1. CEP Williams1,2,
  2. J Stutchbury1,2,
  3. B Bateman2,
  4. H Brown1,2
  1. 1Paediatrics, Northumbria Specialist Care Hospital, Newcastle upon Tyne, UK
  2. 2Paediatrics, North Tyneside General Hospital, Newcastle upon Tyne, UK


Aims Determine how well current Initial Health Assessments (IHA) assess the risk of child sexual exploitation (CSE) in looked after children (LAC)

  • Propose modifications to improve CSE screening

  • Propose methods to improve sexual health promotion


Methods IHA reports (1.2.16–31.8.16) in young persons aged >13 years were reviewed for evidence of sexual health promotion and CSE screening using validated tools: BASHH and Brook guidance ‘Spotting the Signs’ (StS), and Barnados’ modified Child Sexual Exploitation Risk Questionnaire (CSERQ4). A focus group of health professionals who carry out IHAs was held to suggest ways to improve CSE screening.

Results Age demographics (female/male) 13–14 years: 6/0, 15–16 years: 10/6,>17 years:1/1

Asked relationship history=19/24. 15 (79%) in relationship, 11 (58%) sexually active.

Abstract G89(P) Table 1


StS 7 categories (education, family relationships, friendship, personal relationships, consent, sexual health education, professional analysis). Multiple sub-questions. 0% full compliance.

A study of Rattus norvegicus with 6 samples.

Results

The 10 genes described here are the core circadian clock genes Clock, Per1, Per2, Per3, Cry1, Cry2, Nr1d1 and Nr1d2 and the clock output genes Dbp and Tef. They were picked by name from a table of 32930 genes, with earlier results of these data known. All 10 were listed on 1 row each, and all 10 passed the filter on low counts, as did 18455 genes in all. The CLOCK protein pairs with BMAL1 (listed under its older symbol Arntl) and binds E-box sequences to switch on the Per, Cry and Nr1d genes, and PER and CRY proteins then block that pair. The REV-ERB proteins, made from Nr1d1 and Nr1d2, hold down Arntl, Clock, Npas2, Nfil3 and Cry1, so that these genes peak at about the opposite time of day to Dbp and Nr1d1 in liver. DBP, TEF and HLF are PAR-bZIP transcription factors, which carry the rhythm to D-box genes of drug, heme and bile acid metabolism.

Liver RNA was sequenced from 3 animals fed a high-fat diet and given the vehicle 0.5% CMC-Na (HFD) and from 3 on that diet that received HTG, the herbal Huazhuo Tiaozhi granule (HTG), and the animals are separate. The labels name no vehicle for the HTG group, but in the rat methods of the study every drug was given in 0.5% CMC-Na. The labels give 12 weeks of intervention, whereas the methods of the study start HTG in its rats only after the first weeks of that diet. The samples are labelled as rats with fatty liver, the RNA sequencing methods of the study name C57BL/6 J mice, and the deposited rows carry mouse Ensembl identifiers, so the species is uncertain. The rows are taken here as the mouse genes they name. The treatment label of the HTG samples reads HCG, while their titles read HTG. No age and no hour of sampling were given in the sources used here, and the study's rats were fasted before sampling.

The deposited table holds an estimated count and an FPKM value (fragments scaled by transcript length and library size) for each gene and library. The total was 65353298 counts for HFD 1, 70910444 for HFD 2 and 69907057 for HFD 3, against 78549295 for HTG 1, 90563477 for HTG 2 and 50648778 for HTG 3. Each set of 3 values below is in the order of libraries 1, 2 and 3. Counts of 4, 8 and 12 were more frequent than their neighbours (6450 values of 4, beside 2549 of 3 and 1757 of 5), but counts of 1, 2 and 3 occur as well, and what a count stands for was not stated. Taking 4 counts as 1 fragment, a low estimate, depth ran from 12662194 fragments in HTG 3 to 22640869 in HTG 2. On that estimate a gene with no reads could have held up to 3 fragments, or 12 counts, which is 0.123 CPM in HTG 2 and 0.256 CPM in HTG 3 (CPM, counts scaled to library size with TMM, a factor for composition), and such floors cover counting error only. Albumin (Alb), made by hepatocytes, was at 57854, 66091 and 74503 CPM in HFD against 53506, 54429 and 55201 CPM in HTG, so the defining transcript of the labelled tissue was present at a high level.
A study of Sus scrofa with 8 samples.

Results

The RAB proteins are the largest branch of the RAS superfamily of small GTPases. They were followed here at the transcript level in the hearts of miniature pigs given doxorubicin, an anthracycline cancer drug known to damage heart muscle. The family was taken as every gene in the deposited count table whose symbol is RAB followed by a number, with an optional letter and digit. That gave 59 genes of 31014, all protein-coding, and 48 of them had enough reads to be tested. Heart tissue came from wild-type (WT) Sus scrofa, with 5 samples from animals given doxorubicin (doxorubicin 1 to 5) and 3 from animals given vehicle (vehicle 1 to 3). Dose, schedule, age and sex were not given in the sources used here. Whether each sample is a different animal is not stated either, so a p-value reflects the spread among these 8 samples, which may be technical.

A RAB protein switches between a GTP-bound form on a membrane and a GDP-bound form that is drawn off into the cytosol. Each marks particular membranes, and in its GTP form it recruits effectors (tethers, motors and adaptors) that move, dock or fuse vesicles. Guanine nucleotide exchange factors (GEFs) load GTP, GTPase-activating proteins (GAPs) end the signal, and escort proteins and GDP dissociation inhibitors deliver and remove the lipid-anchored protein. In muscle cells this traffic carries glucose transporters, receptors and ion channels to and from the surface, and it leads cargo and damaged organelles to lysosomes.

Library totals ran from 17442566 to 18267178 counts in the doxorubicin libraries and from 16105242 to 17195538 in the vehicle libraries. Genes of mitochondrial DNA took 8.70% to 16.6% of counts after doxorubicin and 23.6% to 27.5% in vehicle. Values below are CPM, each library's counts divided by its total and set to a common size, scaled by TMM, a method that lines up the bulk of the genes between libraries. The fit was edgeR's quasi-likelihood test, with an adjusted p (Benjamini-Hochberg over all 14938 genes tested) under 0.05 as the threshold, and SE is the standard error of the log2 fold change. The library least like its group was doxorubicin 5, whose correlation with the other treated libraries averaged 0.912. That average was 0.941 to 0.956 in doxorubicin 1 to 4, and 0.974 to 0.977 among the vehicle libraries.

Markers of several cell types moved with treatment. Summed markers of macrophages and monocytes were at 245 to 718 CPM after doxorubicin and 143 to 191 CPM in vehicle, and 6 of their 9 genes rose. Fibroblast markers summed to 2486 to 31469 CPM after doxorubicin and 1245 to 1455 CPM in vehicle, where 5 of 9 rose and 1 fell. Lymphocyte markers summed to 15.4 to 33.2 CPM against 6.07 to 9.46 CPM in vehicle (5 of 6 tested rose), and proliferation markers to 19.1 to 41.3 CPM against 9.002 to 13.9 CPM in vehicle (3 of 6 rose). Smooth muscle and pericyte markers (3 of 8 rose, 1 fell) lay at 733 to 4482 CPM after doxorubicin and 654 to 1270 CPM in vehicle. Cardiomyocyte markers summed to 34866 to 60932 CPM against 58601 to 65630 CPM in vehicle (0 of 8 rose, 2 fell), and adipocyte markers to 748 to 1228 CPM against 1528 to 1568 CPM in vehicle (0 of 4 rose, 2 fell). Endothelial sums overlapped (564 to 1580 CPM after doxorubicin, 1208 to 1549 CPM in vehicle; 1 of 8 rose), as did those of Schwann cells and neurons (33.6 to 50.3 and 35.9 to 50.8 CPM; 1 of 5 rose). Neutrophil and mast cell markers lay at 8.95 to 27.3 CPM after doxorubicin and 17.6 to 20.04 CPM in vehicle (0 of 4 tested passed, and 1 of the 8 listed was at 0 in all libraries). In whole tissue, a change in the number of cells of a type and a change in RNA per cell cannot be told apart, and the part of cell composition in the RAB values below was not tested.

Best performances: Substance use 21 (88%), education history 22 (92%), trusted adult 21 (88%).

Particular weaknesses: Confidentiality 0 (0%), self harm 5 (22%), pre-intercourse substance use 2 (18%) STIs 6 (38%), location/nature of intercourse 0 (0%)

Focus group (n = 4) Main issues:

  • Time constraints

  • Lack of professional relationship with LAC

  • Intimate questions

  • StS vs: CSERQ: CSERQ4 preferred

Focus group (n = 4)

Conclusion Current IHA process fails to support screening for CSE using either StS or CSERQ4. Screening for CSE needs to be balanced against other health priorities, developing rapport, and time. Ideally CSE screening should be done by a familiar trusted health professional, but this population is particularly vulnerable, making opportunistic IHA screening appropriate. New 2016 CoramBAAF guidance recommends sexual exploitation risk assessments, but without specifying CSE toolkit. CoramBAAF currently does not fulfil either StS or CSERQ criteria.

The focus group recommended integration of CSERQ4, with ‘tick box’ reminders into the current IHA, with ongoing training. Written information and local signposting on sexual health promotion should be provided.